FOR IMMEDIATE RELEASE
January 6, 2005
MT&R Salutes Johnny Carson
Catch Memorable Moments of Three Decades of The Tonight Show Starring Johnny Carson in a Special MT&R Presentation
January 26 through February 6
New York, NY and Los Angeles, CA—The Museum of Television & Radio joins the world in mourning the death of Johnny Carson. In tribute to his great talent, the Museum will draw from its collection of more than 2,000 episodes of The Tonight Show Starring Johnny Carson to showcase some of the most memorable episodes and moments, including the farewell show with Bette Midler and the infamous tomahawk throw with Ed Ames. Screenings will run in New York at 2:00 p.m. and in Los Angeles at 12:15 p.m., from January 26 through February 6, 2005.
As host of The Tonight Show from 1962 to 1992, Mr. Carson was a towering talent who dominated late-night programming for over three decades. He changed the landscape of television and sustained a role as an arbiter of American pop culture that has few equals. In 1995, Johnny Carson began donating all of the existing programs of his show to the Museum, and they are now part of the Museum's permanent collection and are available for viewing at individual consoles in both New York and Los Angeles.
Below is a selection of programs that will be screened:
- The Tonight Show Starring Johnny Carson: With guests Jane Fonda, Roger Vadim, the Smothers Brothers, Flip Wilson, and Jennifer Warren, plus Carson as Carnac the Magnificent and a surprise appearance by the cast of Bob & Carol & Ted & Alice (Robert Culp, Natalie Wood, Elliott Gould, and Dyan Cannon) (includes commercials). (1968; 75 minutes)
- The Tonight Show Starring Johnny Carson: Seventeenth Anniversary Show; guests include Burt Reynolds, Sally Field, Steve Martin, Anthony Quinn, Dolly Parton, Don Rickles, Bob Hope, Dean Martin, George Gobel, Jimmy Stewart, Jack Webb, and Ed Ames memorably tossing a tomahawk (includes commercials). (115 minutes; 1979)
- The Tonight Show Starring Johnny Carson: With guests Gilda Radner, Walter Cronkite, and Karen Akers (includes commercials). (1983; 60 minutes)
- The Tonight Show Starring Johnny Carson: With guests Jerry Seinfeld, Carl Reiner, and B.B. King (includes commercials). (1992; 60 minutes)
- The Tonight Show Starring Johnny Carson: Carson's penultimate "Tonight Show," with guests Robin Williams and Bette Midler, who serenades the host with "One for My Baby (and One More for the Road)" (includes commercials). (1992; 60 minutes)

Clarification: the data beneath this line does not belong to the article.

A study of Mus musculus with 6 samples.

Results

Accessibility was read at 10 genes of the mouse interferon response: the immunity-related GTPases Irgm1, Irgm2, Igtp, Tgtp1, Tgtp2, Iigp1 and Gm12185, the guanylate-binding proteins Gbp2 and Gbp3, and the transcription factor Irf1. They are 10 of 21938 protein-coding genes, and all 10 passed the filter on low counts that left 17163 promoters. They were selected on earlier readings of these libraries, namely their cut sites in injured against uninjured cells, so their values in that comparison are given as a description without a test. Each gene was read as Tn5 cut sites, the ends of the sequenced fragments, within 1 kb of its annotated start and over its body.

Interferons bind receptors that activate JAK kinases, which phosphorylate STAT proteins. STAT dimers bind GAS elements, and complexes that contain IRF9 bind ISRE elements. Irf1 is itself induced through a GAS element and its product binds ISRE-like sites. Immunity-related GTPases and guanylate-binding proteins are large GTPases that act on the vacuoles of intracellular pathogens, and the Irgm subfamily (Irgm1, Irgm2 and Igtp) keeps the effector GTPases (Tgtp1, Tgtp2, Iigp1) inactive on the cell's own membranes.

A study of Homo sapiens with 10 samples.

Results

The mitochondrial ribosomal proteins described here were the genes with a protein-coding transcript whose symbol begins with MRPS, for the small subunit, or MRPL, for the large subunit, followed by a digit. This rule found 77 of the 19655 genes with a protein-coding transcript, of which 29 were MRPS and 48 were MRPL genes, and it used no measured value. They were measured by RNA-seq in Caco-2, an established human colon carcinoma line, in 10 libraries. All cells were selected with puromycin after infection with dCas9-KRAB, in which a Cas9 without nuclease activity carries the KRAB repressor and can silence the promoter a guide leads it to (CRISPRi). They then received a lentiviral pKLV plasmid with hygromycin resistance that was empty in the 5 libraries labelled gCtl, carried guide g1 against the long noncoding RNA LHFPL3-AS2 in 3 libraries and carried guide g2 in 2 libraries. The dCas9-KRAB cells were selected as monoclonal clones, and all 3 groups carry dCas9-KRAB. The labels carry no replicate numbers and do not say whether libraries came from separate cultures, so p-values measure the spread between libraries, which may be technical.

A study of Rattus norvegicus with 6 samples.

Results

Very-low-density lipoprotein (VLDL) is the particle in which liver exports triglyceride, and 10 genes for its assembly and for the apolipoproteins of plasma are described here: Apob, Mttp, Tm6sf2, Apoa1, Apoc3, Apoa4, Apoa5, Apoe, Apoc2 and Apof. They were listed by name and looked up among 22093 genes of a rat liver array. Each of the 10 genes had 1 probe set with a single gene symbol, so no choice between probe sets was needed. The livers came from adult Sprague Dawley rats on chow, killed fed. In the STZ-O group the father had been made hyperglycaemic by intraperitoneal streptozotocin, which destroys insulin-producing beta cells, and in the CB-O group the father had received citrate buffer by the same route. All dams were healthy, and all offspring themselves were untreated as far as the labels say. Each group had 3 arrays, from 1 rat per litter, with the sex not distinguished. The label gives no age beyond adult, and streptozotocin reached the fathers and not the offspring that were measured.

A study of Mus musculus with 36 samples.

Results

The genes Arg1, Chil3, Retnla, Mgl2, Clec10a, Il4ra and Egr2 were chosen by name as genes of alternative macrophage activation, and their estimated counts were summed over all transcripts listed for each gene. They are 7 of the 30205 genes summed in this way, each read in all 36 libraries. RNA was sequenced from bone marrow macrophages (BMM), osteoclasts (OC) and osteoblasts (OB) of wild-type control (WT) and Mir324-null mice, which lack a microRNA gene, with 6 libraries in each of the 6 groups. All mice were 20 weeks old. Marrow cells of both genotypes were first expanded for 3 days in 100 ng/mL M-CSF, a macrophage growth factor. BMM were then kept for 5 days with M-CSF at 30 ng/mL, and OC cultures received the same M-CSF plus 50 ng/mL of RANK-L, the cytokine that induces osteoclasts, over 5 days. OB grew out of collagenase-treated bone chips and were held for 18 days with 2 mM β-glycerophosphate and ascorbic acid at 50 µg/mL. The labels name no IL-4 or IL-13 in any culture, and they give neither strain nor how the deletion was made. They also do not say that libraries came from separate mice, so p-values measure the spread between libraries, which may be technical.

Admission to The Museum of Television & Radio screenings is included with the Museum's suggested contribution: Members free; $10.00 for adults; $8.00 for senior citizens and students; and $5.00 for children under fourteen. Admission is free in Los Angeles.
The Museum of Television & Radio, with locations in New York and Los Angeles, was founded by William S. Paley to collect and preserve television and radio programs and advertisements and to make them available to the public. Since opening in 1976, the Museum has organized exhibitions, screening and listening series, seminars, and education classes to showcase its preeminent collection of over 100,000 television and radio programs and advertisements. Programs in the Museum's collection are selected for their artistic, cultural, and historic significance.
The Museum of Television & Radio in New York, located at 25 West 52 Street in Manhattan, is open Tuesdays through Sundays from noon to 6:00 p.m. and until 8:00 p.m. on Thursdays. The Museum of Television & Radio in California, located at 465 North Beverly Drive in Beverly Hills, is open Wednesdays through Sundays from noon to 5:00 p.m. Both Museums are closed on New Year's Day, Independence Day, Thanksgiving, and Christmas. Suggested contribution: Members free; $10.00 for adults; $8.00 for senior citizens and students; and $5.00 for children under fourteen. Admission is free in Los Angeles. The public areas in both Museums are accessible to wheelchairs, and assisted listening devices are available. Programs are subject to change. You may call the Museum in New York at (212) 621-6800 or in Los Angeles at (310) 786-1000. Visit the Museum's website at www.mtr.org.